Maurice Sendak
Maurice SendakReuters

Maurice Sendak, author and illustrator of dozens of popular children’s books, most notably “Where the Wild Things Are,” died on Tuesday at the age of 83 at a hospital in Danbury, Conn., after suffering from a recent stroke.

His admitted obsession with “children and their survival” and the “humongous heroism of children” fueled a career that transformed children’s literature into a medium to address the psychological intensity of growing up.

“The Holocaust has run like a river of blood through all my books,” Sendak once said, explaining that as the child of Jewish immigrants from Poland, the Nazi death camps were never far from his mind.

"My burden is living for those who didn't," he told the Associated Press.

“Where the Wild Things Are,” which was considered an instant classic upon its publication, tells the story of a young boy, Max, who is sent to his room as punishment and imagines a make-believe land with a wild forest and creatures. The book has sold nearly 20 million copies worldwide and been made into a feature film.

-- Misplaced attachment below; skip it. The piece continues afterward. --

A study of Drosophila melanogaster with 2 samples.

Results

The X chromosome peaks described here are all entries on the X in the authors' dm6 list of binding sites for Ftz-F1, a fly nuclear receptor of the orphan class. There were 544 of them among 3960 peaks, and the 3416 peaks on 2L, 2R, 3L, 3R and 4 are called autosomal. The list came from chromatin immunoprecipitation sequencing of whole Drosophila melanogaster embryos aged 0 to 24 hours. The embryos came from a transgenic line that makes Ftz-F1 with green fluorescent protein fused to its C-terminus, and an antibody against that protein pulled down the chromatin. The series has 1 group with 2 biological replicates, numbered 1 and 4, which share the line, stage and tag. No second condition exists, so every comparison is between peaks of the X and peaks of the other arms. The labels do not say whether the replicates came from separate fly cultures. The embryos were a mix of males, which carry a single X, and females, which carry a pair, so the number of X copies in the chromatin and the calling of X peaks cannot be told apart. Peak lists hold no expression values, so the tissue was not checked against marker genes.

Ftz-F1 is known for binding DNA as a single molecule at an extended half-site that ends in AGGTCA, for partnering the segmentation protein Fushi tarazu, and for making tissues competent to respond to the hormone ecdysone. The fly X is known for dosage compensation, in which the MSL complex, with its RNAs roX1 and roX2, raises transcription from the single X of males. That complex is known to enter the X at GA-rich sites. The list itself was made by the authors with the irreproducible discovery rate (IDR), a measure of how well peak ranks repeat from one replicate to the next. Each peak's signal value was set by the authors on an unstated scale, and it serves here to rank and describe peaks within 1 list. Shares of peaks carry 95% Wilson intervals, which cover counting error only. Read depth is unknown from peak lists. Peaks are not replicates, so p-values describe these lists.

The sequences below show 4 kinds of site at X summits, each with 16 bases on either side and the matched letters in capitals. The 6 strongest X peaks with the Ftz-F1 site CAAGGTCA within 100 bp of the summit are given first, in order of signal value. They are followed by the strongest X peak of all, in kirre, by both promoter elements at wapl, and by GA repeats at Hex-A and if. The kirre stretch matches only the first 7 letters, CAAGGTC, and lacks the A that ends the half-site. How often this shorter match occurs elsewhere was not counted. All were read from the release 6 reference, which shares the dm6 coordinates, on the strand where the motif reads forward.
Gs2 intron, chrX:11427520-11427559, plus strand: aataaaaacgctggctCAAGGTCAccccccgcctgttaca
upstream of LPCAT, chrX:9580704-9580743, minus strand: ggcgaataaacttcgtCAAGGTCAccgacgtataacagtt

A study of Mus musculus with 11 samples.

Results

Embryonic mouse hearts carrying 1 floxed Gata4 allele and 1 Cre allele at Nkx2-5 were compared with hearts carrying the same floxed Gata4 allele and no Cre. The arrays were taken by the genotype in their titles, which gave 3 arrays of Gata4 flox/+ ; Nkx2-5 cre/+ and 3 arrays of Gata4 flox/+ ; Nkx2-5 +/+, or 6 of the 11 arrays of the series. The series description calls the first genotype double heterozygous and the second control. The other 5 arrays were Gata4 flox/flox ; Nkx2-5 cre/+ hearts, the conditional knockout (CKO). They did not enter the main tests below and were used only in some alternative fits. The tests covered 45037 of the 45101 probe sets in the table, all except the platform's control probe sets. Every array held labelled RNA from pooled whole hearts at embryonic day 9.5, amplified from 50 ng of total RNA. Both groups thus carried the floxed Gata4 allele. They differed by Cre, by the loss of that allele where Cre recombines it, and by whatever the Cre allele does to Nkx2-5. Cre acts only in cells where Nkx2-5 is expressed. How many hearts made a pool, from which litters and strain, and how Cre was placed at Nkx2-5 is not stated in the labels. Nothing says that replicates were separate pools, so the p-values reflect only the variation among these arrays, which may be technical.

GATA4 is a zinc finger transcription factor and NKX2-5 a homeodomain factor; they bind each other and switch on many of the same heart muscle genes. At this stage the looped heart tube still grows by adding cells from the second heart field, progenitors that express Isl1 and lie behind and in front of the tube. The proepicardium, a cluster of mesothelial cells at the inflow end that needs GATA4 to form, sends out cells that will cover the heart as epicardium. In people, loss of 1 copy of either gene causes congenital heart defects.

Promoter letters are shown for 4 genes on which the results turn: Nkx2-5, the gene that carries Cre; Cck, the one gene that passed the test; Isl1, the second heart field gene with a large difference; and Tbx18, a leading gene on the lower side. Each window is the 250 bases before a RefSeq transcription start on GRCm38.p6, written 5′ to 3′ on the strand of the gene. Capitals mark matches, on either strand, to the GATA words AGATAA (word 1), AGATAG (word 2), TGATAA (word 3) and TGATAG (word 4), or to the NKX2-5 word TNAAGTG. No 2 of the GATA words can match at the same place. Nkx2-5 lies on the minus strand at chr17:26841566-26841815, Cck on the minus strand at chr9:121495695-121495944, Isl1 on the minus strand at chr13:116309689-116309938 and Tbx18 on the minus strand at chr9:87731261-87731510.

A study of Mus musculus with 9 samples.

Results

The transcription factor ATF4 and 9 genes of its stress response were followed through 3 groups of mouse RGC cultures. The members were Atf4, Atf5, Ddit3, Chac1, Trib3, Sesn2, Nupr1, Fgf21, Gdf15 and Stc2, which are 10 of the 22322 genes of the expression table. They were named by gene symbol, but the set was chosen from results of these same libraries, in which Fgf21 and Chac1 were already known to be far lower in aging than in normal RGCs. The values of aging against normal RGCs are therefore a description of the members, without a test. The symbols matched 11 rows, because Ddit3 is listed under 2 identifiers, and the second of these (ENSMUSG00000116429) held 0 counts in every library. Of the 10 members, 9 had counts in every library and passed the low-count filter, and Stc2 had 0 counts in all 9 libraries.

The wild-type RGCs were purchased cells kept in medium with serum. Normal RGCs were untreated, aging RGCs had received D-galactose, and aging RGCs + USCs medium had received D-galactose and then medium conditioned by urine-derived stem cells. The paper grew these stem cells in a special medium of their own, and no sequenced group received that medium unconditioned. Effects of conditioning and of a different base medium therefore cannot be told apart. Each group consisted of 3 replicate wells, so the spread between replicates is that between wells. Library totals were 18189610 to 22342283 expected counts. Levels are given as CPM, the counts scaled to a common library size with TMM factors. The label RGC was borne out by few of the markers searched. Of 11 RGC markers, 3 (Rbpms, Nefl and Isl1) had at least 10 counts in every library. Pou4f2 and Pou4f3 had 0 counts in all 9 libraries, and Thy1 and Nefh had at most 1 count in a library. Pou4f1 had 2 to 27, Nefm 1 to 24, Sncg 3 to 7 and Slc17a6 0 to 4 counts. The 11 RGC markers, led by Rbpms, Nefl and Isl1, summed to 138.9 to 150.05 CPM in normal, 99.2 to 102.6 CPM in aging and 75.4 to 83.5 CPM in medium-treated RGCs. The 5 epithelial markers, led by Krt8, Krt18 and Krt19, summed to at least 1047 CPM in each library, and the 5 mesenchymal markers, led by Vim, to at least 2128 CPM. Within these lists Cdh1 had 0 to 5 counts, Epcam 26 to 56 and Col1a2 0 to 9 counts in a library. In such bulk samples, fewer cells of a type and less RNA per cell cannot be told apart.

President Bill Clinton presented him with the National Medal of Arts in 1996, saying, “His books have helped children to explore and resolve their feelings of anger, boredom, fear, frustration and jealousy.”

Sendak’s greatest achievement was to elevate the picture book “to an individual, contained art form that integrates words and illustration,” said Cathryn M. Mercier, director of the Center for the Study of Children's Literature at Simmons College in Boston.

His books have been translated into dozens of languages and have won numerous awards including the Caldecott Medal and the Hans Christian Andersen Award.